This AM when trying to exit, the pass was not working. The attendant told me I could not leave because I already left! (The day before!) They apparently have no record of me entering the parking garage at 10pm the night before. The pass was scanned to gain access to the gated garage!

He argued with me for 44 min! Yelling at me telling me I was a liar - and just repeatedly told me to put my credit card in to pay $42 lost ticket fee! Anything I said - his response was always "put credit card in" At least 4 cars pulled in behind me during the time and they kept redirecting cars to other exits.

It was ridiculous that they could not reason with a a customer-- who pays a monthly fee for a parking pass that I had in my possession. I truly was about to call the police because of the hostile way I was being spoken to.

In the end someone else paid the $42 against my will to rectify the situation.

It was a horrible helpless situation to be in.

Are they able to hold people like that over a dispute over a time of entry/exit?

  • Touche. I never considered walking away and leaving my vehicle. They most certainly have video surveillance of me entering last night -- and scanning my pass to gain access to the garage --- but they said they "don't do that" - and any discrepancies require paying for "lost ticket" – HappyT Jun 1 '19 at 17:07
  • I don’t have time to look into it now, but MA has a garageman’s lien statute. Read up on that. – jqning Jun 1 '19 at 21:38

However in this case it sounds like they were actually holding your car rather than you; in theory you could have walked away and left your car where it was. They may be able to hold on to your car as surety for payment depending on the small print in the contract. However if they do so and lose then they are likely to be on the hook for any costs that could be reasonably be foreseen as a result of depriving you of the use of your car.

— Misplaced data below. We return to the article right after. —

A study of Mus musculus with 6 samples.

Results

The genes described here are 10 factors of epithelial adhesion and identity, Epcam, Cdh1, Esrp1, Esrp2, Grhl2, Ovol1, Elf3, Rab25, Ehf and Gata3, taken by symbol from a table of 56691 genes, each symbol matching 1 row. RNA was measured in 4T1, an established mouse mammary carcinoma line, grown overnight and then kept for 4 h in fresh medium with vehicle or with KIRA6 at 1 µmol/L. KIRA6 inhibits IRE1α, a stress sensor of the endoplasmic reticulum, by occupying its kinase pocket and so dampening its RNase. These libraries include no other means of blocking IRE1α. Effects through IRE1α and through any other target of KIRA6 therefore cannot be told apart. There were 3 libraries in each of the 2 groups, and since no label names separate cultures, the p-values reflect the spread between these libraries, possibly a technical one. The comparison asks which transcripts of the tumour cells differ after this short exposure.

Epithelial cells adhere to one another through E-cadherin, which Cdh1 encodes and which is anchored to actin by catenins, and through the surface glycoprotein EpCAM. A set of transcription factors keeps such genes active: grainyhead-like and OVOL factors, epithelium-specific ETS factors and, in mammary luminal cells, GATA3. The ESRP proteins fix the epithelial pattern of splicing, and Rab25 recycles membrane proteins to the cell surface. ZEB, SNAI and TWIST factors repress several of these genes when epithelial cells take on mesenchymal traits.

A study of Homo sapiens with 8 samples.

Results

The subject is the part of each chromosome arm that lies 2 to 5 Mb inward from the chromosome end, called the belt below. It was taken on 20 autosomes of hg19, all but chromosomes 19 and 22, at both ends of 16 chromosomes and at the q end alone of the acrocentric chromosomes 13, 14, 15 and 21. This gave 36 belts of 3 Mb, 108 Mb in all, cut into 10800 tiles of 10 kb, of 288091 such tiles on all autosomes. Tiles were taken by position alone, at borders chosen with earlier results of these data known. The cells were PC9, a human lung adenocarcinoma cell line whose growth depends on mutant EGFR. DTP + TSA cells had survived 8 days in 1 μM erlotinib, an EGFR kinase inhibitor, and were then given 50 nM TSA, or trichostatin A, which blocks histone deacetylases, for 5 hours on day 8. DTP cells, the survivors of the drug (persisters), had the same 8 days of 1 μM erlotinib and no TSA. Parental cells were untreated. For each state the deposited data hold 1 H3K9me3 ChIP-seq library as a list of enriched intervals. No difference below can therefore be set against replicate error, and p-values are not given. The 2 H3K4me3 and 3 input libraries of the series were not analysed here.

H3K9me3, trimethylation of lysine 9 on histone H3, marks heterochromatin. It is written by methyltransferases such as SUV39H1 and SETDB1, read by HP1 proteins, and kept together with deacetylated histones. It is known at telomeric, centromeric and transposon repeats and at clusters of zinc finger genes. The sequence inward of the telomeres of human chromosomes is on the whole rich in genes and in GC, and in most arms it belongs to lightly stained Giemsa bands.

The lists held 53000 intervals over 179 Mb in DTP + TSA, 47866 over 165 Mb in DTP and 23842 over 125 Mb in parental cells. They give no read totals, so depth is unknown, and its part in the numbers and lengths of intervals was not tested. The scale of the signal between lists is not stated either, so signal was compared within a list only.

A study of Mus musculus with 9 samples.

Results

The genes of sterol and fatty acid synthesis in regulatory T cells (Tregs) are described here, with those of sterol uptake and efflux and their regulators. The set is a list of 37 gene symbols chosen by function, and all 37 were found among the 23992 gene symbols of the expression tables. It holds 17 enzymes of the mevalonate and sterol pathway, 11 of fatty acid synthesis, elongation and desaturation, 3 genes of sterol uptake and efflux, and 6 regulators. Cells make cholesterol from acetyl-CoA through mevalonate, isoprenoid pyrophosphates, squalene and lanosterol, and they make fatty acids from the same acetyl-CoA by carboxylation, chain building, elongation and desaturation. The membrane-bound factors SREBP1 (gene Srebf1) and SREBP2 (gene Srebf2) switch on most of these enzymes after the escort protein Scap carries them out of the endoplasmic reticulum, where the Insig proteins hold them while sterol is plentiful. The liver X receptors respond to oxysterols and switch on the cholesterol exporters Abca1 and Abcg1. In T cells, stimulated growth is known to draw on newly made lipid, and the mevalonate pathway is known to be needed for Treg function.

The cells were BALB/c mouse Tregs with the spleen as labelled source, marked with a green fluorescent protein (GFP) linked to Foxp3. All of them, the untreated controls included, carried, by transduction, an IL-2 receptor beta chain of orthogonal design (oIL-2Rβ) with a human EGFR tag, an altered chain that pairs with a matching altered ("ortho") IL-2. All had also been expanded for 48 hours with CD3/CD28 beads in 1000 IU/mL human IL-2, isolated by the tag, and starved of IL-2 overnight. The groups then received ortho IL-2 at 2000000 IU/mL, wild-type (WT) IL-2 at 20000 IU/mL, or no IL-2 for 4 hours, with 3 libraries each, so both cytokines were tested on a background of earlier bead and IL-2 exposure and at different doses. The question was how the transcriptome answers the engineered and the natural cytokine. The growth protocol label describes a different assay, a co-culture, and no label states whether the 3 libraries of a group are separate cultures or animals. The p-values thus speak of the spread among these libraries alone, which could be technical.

The parking attendant's behaviour might be considered to be demanding money with menaces, which is a crime in itself (that's the UK term; I imagine the US has similar laws).

  • @Putvi interesting point. So there is a gate keeping the car in. The car could drive through and damage the gate. And then be liable for the damages. But is the refusal to lift the gate susceptible to legal damages? Like would a judge maybe offset them. “Your honor, the garage was illegally detaining my property. My only way out was through a gate which they controlled and refused to open. So I damaged their gate to retrieve my property.” – jqning Jun 1 '19 at 21:33
  • @jqning at least here in IL, someone holding you there is an issue for the police. I live in a small town so we don't have parking garages, but we get calls about people holding property in a house or business or whatever. Neither one of you can destroy the other's property or hold them or the property, but to address payments and such you go to civil court. That part won't be handled right there, bc we can't know who is telling the truth. – Putvi Jun 3 '19 at 15:51

If you called the police, they would ask you guys to go to civil court and work it out.